Salute to Adventurers HTML version

11. Gravity Out Of Bed
A week later I had a visit from old Mercer. He came to my house in the evening just
after the closing of the store. First of all, he paid out to me the gold I had lost from my
ship at Accomac, with all the gravity in the world, as if it had been an ordinary
merchant's bargain. Then he produced some papers, and putting on big horn
spectacles, proceeded to instruct me in them. They were lists, fuller than those I had
already got, of men up and down the country whom Lawrence trusted. Some I had met,
many I knew of, but two or three gave me a start. There was a planter in Henricus who
had treated me like dirt, and some names from Essex county that I did not expect.
Especially there were several in James Town itself--one a lawyer body I had thought the
obedient serf of the London merchants, one the schoolmaster, and another a drunken
skipper of a river boat. But what struck me most was the name of Colonel Beverley.
"Are you sure of all these?" I asked.
"Sure as death," he said. "I'm not saying that they're all friends of yours, Mr. Garvald.
Ye've trampled on a good wheen toes since you came to these parts. But they're all
men to ride the ford with, if that should come which we ken of."
Some of the men on the list were poor settlers, and it was our business to equip them
with horse and gun. That was to be my special duty--that and the establishing of means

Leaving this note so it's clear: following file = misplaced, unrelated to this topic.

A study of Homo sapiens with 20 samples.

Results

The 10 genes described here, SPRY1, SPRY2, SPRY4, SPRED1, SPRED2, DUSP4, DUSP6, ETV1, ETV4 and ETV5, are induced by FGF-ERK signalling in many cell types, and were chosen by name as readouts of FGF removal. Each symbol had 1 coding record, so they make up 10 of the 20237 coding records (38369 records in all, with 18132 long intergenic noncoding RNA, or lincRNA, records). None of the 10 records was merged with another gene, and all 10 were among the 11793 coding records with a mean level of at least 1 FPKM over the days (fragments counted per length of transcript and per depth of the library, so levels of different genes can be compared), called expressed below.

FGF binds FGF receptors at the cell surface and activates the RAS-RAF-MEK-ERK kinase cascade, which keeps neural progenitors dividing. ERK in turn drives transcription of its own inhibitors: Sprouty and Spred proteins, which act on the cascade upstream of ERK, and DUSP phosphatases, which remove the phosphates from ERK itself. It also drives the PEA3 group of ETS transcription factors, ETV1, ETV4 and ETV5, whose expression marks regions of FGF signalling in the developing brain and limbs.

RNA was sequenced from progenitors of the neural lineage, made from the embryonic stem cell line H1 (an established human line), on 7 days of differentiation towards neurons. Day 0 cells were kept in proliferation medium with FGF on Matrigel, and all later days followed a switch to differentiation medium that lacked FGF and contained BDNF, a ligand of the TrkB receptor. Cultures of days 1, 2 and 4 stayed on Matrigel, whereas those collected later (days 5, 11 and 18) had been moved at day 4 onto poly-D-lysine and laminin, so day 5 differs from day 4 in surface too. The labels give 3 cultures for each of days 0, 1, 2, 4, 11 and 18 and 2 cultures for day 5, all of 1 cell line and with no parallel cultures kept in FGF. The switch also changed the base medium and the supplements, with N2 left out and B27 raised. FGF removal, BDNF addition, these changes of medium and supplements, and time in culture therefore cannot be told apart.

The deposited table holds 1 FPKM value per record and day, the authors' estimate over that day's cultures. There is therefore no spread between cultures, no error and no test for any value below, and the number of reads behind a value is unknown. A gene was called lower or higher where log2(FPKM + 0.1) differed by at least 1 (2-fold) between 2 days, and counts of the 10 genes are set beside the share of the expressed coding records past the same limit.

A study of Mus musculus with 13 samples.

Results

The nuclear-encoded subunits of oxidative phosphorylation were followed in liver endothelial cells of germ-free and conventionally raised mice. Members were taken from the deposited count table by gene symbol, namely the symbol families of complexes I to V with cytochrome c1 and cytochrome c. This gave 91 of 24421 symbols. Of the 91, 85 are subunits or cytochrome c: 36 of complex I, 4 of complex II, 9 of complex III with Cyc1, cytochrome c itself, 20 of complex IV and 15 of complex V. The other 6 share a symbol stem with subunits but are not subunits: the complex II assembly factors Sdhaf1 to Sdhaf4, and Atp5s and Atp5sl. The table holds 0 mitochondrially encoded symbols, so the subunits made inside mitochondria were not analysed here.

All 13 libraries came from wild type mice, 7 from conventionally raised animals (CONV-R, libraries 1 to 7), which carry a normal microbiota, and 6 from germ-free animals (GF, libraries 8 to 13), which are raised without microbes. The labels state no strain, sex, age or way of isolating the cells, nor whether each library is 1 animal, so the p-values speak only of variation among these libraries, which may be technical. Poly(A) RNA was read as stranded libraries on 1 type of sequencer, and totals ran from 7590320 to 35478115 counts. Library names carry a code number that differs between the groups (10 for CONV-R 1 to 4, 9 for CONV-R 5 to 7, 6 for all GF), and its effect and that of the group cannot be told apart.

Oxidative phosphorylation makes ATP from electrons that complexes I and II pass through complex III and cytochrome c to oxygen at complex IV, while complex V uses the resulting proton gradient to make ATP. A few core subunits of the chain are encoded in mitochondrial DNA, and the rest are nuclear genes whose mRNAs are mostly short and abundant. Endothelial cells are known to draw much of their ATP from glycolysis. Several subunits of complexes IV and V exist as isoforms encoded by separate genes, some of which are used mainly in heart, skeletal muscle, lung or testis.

by which they could be summoned quickly. With the first Mercer could help me, for he
had his hand on all the lines of the smuggling business, and there were a dozen ports
on the coast where he could land arms. Horses were an easy matter, requiring only the
doling out of money. But the summoning business was to be my particular care. I could
go about the country in my ordinary way of trade without exciting suspicion, and my
house was to be the rendezvous of every man on the list who wanted news or
"Can ye trust your men?" Mercer asked, and I replied that Faulkner was as staunch as
cold steel, and that he had picked the others.
"Well, let's see your accommodation," and the old fellow hopped to his feet, and was out
of doors before I could get the lantern.
Mercer on a matter of this sort was a different being from the decayed landlord of the
water-side tavern. His spectacled eyes peered everywhere, and his shrewd sense
judged instantly of a thing's value. He approved of the tobacco-shed as a store for arms,
for he could reach it from the river by a little-used road through the woods. It was easy
so to arrange, the contents that a passing visitor could guess nothing, and no one ever
penetrated to its recesses but Faulkner and myself. I summoned Faulkner to the
conference, and told him his duties, which, he undertook with sober interest. He was a
dry stick from Fife, who spoke seldom and wrought mightily.